German Election

SPD Chancellor Candidate Shows He's Human After All

Peer Steinbrück sheds a tear on the campaign trail.
DPA

Peer Steinbrück sheds a tear on the campaign trail.

By Jane Paulick


There's another three months to go before Germany goes to the polls, and little expectation that any surprises might still be in store. Incumbent Chancellor Angela Merkel's victory seems pretty much assured, with the latest surveys giving her Christian Democrats 40 percent of the vote compared to just 24 percent for the main opposition Social Democrats (SPD).

Amid the unremitting tedium of an election battle that lacks distinct fronts, the most exciting news from the campaign trail this weekend was that Rainer Brüderle, the business-friendly Free Democrats' frontrunner candidate, broke his hand and foot falling off a podium. But then the scoop. At a party convention in Berlin, SPD candidate Peer Steinbrück got a little choked up.

After his wife Gertrud revealed how personally upset she is by the image of her husband peddled by the German media -- "It's hard to take," she confessed -- he himself was asked if he ever wonders why he bothers. He took a sip of water and visibly swallowed tears before picking up his microphone, only to lay it down again and signal that he needed to take a minute.

Who can blame him? Dubbed "Pannen-Peer" by the German media -- which roughly translates as "Calamity Peer" -- he has lurched from one mishap to the next since his party nominated him last autumn as Merkel's challenger. His support has dwindled even within his own party. Just a few days ago, he griped in a SPIEGEL interview about a lack of loyalty on the part of SPD leader Sigmar Gabriel, who was at pains at the convention to stress that like any "marriage," their relationship was tempestuous but robust.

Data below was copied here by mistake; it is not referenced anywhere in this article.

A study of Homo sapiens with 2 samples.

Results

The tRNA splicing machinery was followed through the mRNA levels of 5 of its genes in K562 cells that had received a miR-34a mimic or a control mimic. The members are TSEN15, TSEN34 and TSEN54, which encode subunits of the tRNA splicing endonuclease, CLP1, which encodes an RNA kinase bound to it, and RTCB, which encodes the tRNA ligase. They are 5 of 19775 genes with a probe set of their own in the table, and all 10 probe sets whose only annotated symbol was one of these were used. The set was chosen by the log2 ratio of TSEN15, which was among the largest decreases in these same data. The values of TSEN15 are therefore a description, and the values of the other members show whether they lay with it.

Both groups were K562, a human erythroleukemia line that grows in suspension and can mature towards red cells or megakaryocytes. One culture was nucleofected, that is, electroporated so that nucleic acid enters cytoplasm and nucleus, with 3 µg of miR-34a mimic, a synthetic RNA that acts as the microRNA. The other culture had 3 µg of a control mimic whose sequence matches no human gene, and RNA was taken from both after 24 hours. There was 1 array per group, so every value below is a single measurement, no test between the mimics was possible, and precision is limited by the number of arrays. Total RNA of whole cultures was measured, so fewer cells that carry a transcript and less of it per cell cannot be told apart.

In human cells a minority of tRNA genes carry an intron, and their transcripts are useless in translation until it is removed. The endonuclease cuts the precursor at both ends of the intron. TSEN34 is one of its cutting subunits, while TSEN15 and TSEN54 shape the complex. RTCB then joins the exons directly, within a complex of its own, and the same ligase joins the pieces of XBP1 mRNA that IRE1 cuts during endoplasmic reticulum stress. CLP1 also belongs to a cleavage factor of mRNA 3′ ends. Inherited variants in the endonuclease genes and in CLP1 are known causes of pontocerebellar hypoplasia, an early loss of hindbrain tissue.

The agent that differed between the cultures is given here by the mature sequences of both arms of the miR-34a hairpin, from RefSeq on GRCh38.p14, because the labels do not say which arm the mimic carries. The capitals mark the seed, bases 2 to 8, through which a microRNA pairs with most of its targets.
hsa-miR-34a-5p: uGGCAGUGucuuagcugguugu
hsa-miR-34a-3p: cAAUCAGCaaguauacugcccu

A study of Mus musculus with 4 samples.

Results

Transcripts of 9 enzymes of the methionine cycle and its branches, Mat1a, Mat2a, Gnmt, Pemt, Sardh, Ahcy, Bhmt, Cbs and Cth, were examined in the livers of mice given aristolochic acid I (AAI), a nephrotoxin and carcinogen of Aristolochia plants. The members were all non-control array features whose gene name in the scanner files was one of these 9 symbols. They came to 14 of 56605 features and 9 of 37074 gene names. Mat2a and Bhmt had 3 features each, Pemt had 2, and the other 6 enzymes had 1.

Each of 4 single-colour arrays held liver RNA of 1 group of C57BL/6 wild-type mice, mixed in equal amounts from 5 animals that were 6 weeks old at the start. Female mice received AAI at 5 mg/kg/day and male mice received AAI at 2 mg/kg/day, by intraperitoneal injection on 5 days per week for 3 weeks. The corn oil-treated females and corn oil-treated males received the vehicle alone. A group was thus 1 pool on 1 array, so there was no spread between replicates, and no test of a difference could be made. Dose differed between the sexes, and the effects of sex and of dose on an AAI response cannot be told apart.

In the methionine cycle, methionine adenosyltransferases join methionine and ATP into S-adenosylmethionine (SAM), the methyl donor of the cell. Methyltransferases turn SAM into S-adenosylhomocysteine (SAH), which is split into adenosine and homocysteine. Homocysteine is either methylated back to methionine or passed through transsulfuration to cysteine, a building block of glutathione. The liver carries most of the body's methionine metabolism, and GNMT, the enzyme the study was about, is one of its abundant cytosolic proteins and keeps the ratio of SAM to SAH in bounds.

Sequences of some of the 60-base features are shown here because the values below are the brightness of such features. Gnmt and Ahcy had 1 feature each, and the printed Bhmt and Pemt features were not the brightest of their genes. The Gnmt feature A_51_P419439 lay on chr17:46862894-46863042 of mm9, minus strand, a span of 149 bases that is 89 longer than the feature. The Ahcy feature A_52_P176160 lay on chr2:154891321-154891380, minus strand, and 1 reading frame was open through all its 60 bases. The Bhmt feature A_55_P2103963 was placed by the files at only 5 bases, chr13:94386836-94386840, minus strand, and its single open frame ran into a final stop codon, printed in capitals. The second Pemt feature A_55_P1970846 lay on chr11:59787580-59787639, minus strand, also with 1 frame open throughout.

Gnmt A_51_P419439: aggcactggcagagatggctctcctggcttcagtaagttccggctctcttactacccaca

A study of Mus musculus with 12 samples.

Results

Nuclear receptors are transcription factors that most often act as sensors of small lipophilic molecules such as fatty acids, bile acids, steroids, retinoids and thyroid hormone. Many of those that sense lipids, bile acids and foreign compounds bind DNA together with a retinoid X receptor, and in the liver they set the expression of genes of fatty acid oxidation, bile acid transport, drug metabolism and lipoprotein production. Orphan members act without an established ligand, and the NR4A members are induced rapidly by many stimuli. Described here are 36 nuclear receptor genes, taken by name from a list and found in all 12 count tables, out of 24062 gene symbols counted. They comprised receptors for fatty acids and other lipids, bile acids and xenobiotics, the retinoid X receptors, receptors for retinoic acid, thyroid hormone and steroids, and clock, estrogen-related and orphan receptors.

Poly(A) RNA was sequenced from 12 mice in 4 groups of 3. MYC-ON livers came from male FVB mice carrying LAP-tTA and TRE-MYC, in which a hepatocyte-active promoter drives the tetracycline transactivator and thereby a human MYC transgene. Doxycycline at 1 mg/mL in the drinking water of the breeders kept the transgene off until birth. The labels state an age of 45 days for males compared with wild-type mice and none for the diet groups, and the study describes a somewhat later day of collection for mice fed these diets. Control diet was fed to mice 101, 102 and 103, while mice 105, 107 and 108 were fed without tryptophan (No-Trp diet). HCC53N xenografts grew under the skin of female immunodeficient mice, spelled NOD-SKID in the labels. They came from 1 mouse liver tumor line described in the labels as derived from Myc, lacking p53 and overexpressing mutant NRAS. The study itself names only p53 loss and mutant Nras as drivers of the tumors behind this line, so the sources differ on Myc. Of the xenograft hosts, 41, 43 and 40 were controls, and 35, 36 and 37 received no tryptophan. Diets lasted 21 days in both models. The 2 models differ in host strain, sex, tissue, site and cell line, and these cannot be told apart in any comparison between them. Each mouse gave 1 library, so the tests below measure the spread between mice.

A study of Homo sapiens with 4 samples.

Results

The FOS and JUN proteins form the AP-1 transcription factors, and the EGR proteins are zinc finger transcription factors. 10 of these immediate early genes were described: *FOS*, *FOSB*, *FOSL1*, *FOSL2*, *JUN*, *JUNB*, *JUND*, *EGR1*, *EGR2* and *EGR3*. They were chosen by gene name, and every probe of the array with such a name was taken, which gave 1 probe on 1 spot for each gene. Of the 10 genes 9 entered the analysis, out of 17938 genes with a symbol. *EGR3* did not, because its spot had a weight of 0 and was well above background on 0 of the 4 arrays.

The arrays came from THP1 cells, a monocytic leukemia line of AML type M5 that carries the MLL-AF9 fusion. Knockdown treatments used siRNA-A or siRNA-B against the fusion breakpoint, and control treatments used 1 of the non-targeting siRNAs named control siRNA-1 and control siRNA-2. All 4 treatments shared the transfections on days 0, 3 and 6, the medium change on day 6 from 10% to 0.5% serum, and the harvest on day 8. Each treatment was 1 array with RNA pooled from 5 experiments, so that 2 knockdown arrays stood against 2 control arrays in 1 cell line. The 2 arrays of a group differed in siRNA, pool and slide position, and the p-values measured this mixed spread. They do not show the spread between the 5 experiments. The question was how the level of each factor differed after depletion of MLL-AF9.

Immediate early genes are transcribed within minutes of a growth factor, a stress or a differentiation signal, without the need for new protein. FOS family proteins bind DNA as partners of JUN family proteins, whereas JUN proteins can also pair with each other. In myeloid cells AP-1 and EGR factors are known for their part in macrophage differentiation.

Glacial No More

But it was the rare display of feeling from a man often dismissed as a heartless technocrat that proved to be a much more effective campaign strategy. Ironically, given that he once complained that Merkel benefits from "a women's bonus," it was all thanks to his wife.

From remarking that German chancellors are underpaid to admitting that he would never buy a bottle of wine that costs €5 (approx. $7), the former finance minister tends to come across as elitist and a little on the glacial side, if not downright impassive. But nothing can dispel accusations of insensitivity better than a few well-timed tears.

The moment was a public relations coup. Interestingly, it was only last week that Steinbrück sacked his spokesman Michael Donnermeyer, replacing him with Rolf Kleine, a PR pro who previously served as head of the Berlin office of the mass-circulation newspaper Bild. Coincidence? Judging by the standing ovation the audience gave him, Steinbrück's misty-eyed performance on Sunday couldn't have come at a better time.